Recreational fishing licences and “no take” green zones in the Moreton Bay Marine Park were among issues discussed at a public meeting about fishing management in Queensland.
Up to 50 people, including the State members of parliament Neil Symes (Lytton) and Mark Robinson (Cleveland), attended the meeting in Wynnum on Saturday 23 August.
Professor Glenn Hurry is leading MRAG Asia Pacific’s review of fishing management in Queensland. He explained the purpose and scope of the review with a short presentation. The primary objective of the review is to modernise and simplify fisheries management with a focus on improving systems and processes while balancing economic, social and environmental objectives.
Issues put forward for discussion at the meeting included:
- Policy and legislation
- Allocation and harvest control systems
- Monitoring, information collection and analysis
- Management of non-target species
- Compliance, Stakeholder participation, Performance review, and Resourcing
During the discussion that followed there was general agreement that fishing should be sustainable but less clarity on how exactly this should be achieved. Issues of concern raised at the meeting included:
- Licence buy backs do not necessarily achieve the objective of reducing fish take
- Dumping of dredge spoil in Moreton Bay impacts on fish life
- Overlapping regulation and enforcement by police, fisheries and marine park staff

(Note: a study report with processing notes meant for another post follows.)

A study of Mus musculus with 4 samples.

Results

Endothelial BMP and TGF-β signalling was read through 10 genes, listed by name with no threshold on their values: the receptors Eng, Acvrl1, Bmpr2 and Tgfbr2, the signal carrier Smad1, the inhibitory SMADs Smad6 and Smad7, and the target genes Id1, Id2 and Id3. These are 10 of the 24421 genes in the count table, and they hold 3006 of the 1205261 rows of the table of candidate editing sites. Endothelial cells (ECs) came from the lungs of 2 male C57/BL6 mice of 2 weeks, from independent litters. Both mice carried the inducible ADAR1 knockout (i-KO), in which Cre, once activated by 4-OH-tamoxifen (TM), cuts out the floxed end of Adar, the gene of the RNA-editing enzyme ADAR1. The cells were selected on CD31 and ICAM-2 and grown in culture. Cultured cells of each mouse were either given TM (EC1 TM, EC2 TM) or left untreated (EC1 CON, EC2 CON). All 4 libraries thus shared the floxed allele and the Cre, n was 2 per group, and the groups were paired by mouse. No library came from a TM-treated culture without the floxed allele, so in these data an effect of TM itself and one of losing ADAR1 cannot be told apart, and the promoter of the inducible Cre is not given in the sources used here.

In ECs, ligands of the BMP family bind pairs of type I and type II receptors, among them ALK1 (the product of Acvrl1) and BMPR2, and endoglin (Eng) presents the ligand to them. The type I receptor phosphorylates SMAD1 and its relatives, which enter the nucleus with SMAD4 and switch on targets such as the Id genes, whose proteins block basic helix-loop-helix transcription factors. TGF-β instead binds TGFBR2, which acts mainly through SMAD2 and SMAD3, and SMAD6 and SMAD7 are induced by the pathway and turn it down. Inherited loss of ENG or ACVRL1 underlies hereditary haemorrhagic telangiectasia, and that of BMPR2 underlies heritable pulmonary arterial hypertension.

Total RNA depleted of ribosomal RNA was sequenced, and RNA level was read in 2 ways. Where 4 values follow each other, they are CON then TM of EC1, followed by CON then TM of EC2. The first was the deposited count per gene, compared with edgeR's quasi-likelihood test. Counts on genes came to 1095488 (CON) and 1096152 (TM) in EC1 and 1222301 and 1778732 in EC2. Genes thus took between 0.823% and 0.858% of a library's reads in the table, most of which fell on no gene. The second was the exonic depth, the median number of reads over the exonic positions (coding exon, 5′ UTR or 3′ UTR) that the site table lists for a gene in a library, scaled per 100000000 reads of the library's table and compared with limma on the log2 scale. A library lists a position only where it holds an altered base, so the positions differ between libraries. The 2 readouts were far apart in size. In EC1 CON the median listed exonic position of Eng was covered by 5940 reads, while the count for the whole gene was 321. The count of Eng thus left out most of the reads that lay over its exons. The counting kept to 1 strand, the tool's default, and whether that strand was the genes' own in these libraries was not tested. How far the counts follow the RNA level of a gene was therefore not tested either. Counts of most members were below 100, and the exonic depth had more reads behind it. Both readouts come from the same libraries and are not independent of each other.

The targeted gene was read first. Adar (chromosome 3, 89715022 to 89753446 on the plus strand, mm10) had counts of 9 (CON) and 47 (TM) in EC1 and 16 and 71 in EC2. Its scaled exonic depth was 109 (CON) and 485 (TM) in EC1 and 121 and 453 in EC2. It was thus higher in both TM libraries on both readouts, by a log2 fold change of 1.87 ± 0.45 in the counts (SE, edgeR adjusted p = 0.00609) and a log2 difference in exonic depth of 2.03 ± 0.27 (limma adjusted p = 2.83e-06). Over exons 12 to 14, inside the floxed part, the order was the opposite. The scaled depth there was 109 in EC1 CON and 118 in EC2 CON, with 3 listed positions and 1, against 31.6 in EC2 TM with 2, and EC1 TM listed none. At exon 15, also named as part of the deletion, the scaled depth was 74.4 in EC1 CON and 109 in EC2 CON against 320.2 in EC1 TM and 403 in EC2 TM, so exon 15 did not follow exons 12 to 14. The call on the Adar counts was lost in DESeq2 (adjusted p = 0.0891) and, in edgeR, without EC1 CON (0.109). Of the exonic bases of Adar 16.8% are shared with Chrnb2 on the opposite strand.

- Regulation of the charter boat industry needs to be made more sensible
- Systems for monitoring the overall take by recreational fishers
The protected green zones in the Moreton Bay Marine Park were the subject of much discussion. Some in the audience complained about loss of access. Others made the point that since green zones were declared, no information had been made available about what had happened in these areas. The rationale for declaring some areas as green zones was questioned and comments were also made that regulation of occasional access to fish these areas was managed unfairly. Professor Hurry said that green zones were not formally in the scope of MRAG’s review but they would be discussed in the report.
Licensing for recreational fishers
The idea of following the NSW system where recreational fishers have to pay for a fishing licence was raised. Most people seemed to think that this would be beneficial provided that funds raised were held in trust for use on fishing management. As is the case in NSW, it was assumed was that children would not have to be licensed to fish.
Review process and timetable
The review team is holding a number of public meetings throughout Queensland from mid August to mid October. Up until the end of October, submissions can be sent by email to email@example.com
The MRAG review team will deliver their final report to the Government by the end of November. There is no plan to issue a draft report for public review but there may be some further consultation meetings before the report is finalised.
Further information about the Queensland Fishing Management review can be accessed from the MRAG website.